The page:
Donald Trump's relationship with Scots and Scotland has not always been easy and, indeed, in recent months it has seemed as if the flamboyant and occasionally frustrating American billionaire might be turning his back on the country of his mother's birth and the home of golf.
But no. Yesterday it was confirmed that Mr Trump is to buy the Turnberry golf resort from the Dubai-based Leisurecorp and will be investing millions of pounds in upgrading the resort, including its five-star hotel. In an example of the colourful and ambitious language he favours, the new owner said the refurbished hotel would be the finest and most luxurious in all of Europe.
Whether or not the hotel ever reaches that pinnacle, Mr Trump's investment sounds like good news for Turnberry and fans of golf, even though the history of Mr Trump's other Scottish golf course is mixed to say the least.
In fact, the course at Balmedie in Aberdeenshire has divided the community between those who believed it would bring great economic benefits and those who were concerned about the effect on the area's beautiful natural dunes.
Mr Trump himself has also not helped his cause with his bellicose opposition to an offshore windfarm which he said would spoil the views from Balmedie. It was losing the battle against the wind farm that led to him withdrawing a planning application to build a second course in Aberdeenshire and suggesting he had no further plans to invest in Scotland.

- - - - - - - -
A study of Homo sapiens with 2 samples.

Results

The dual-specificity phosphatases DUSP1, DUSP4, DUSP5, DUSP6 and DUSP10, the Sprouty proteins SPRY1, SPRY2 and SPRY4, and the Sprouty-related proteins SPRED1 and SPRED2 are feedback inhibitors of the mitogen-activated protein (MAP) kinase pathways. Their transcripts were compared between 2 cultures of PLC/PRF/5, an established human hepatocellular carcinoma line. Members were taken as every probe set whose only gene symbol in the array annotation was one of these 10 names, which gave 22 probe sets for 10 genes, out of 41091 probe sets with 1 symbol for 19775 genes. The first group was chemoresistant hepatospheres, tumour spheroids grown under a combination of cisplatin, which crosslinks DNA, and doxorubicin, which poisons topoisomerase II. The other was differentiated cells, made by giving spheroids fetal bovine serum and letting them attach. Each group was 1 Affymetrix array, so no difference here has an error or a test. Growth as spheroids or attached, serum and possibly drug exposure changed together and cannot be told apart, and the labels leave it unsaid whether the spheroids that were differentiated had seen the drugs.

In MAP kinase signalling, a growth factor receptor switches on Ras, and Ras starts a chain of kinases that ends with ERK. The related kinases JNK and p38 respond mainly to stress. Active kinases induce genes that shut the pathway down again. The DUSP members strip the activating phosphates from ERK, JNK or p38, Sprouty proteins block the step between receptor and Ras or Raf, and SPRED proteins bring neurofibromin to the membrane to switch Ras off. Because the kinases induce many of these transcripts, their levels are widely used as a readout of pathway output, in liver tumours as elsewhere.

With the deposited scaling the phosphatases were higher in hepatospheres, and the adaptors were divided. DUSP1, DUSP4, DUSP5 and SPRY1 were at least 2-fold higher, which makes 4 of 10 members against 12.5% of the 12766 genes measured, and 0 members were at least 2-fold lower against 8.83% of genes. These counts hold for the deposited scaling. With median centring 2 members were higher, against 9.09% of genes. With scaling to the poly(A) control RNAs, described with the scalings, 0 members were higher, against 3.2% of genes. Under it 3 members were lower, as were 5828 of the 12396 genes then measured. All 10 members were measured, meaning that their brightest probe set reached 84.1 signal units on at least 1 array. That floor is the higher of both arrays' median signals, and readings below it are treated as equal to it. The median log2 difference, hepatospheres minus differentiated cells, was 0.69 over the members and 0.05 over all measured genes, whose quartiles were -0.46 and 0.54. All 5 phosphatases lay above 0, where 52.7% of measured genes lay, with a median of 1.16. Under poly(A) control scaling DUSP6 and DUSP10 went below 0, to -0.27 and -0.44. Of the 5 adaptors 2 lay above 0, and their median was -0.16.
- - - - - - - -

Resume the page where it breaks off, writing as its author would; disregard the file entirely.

Now it looks like the billionaire has had a change of heart, which can only be good for Turnberry. Last year, a new outdoor activity centre was launched at the resort in an attempt to broaden its appeal but what it has really needed for some time is consistent investment to upgrade its accommodation and facilities. Mr Trump has promised to deliver and it is a promising sign that he already owns some very fine courses around the world.
Turnberry is also a very different prospect to Balmedie and the tycoon has already demonstrated a sensitivity to local concerns that he has not always shown in his dealings with the people of Aberdeen. The course at Turnberry, he said, would not be touched or altered without the approval of the Royal and Ancient.
No doubt, part of the appeal for a golf fan like Mr Trump is the fact that the Open could come to Turnberry in the next few years; the benefit for Turnberry is that it will now receive the investment it needs.